The noted scholar NT Wright tells us that “the kingdom that Jesus preached and lived was all about a glorious, uproarious, absurd generosity. Think of the best thing you can do for the worst person and go ahead and do it. Think of the people whom you are tempted to be nasty to, and lavish generosity on them instead.” He points out: “Jesus’ instructions have a fresh, spring-like quality. They are all about new life bursting out energetically like flowers growing through concrete and startling everyone with their color and vigor.”
“Jesus’ point was not to provide his followers with a new rule-book, a list of dos and don’ts that you could tick off one by one and sit back satisfied at the end of a successful moral day. The point was to inculcate and illustrate, an attitude of heart, a lightness of spirit in the face of all that the world can throw at you. And at the center of it is the thing that motivates and gives color to the whole: you are to be like this because that’s what God is like. God is generous to all people, generous to a fault: he provides good things for all to enjoy, the undeserving as well as the deserving. He is astonishingly merciful; how can we, his forgiven children, be any less? Only when people discover that this is the sort of God they are dealing with will they have any chance of making this way of life their own.”
“Do good to those who hate you, bless those who curse you, pray for those who mistreat you . . . Love your enemies and do good to them . . . Be merciful, stop judging, stop condemning, and forgive.” These commandments are all about what God is like. Unfortunately, many of us have “fixated on a gloomy God, a penny-pinching God, a God whose only concern is to make life difficult and salvation nearly impossible.” But the God Jesus reveals is radically different: completely averse to violence and vengeance, to the punishing justice that we exact from one another. NT Wright suggests: “If we truly encountered him, no doubt many of us would only stare!”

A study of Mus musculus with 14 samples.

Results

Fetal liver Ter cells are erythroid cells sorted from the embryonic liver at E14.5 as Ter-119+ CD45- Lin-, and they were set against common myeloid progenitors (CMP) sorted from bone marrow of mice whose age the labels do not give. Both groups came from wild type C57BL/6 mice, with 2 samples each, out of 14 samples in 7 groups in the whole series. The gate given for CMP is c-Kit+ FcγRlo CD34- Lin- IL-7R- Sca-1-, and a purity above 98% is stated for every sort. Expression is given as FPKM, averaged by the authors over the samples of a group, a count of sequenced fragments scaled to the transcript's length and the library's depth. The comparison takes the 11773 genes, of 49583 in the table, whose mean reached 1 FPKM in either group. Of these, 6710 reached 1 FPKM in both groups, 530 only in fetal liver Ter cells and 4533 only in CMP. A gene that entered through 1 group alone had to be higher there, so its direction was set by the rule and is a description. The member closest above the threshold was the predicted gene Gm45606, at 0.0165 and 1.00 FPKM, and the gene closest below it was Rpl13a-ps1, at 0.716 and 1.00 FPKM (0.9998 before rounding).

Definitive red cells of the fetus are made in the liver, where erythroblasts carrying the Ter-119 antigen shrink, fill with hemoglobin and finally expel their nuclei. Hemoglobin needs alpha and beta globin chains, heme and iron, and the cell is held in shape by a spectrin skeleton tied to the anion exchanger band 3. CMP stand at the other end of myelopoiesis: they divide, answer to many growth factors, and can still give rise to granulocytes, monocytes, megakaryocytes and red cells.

People did stare when Jesus lived the big-heartedness and open-handedness he preached. As Wright puts it: “The reason why crowds gathered…was that power was flowing out of Jesus and people were being healed. His whole life was one of exuberant generosity, giving all he had to everyone who needed it. He was speaking from what he knew: the extravagant love of his Father, and the call to live a lavish human life in response. And finally, when they struck him on the cheek and ripped the coat and shirt off his back, he went on loving and forgiving, as Luke will tell us later. He didn’t show love only to his friends, but to his enemies, weeping over the city that had rejected his plea for peace. He was the true embodiment of the God of whom he spoke.”
Vintage postcard from Our Lady of the Valley. Excerpts from a homily by Father Dominic.